Orica to start remediation at Botany

Mercury remediation works will begin at Orica’s Botany plant this month after the company received approval from the Environment Protection Authority.

The EPA issued a variation to an Environment Protection Licence which allows remediation work within the Botany Industrial Park, the company said in a statement.

It said it will excavate contaminated soils and construct a vapour cap and barrier walls to bedrock to contain any remaining mercury contamination in the soil.

“Orica is very pleased to be able to commence this important project to address the legacy contamination at the former ChlorAlkali plant within the Botany Industrial Park,” Orica general manager environmental remediation Bill Crowe said.

“The EPA has assessed Orica’s plans and controls that will be used during the work which will now commence.”

The EPA said earlier this year there was no suggestion that the Botany plant’s leak was the cause of contaminated water and local residents’ illness.

Orica told the EPA it had unintentionally leaked 640 litres from its treatment plant the same day locals reported nausea and dizziness due to contaminated water. But the EPA said the two were not related.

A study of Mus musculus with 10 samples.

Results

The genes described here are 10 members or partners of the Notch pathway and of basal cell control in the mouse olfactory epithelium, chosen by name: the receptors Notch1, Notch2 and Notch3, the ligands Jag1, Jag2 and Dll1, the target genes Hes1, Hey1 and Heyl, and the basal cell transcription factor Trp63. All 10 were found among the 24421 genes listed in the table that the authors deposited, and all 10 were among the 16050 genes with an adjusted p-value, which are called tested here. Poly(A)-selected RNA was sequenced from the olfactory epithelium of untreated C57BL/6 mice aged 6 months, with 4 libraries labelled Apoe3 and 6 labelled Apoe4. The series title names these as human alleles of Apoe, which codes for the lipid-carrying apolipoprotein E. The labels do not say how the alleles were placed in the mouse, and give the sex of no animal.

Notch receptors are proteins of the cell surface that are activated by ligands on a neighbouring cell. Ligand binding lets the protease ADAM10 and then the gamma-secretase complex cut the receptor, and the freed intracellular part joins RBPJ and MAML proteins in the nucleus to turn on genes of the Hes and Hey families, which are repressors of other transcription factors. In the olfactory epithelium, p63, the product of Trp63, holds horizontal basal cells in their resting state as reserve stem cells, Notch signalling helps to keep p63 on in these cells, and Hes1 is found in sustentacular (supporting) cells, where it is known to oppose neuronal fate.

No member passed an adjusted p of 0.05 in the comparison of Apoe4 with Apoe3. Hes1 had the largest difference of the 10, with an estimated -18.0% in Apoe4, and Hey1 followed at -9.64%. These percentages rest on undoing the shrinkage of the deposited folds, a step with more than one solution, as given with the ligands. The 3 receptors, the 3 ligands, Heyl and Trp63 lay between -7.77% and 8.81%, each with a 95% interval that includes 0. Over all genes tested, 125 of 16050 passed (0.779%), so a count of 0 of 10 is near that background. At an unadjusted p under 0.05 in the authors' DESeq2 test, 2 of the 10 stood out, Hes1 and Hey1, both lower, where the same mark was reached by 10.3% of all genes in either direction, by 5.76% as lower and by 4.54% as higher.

“While current testing indicates there are presently no unacceptable human health or environmental risks posed by the mercury contamination at the BIP, Orica understands this is an important issue for the community, and is committed to the remediation works,” the company said.

The company addressed the issue at its AGM.

Orica pled guilty to violating its environmental protection licence last year after a string of spills and safety incidents at its Kooragang Island ammonium nitrate plant.

It was under investigation this year for an ammonia leak at the same plant, after a “plume of ammonia belched into the air from the vent stack of an Orica factory”.

The company was slapped with a $432,000 fine after pleading guilty to charges of unlawful water releases from its Gladstone plant. The fine came after traces of cyanide were found in water samples from a stormwater drain outside the plant.

Remediation work at the Botany plant is expected to take two years to finish.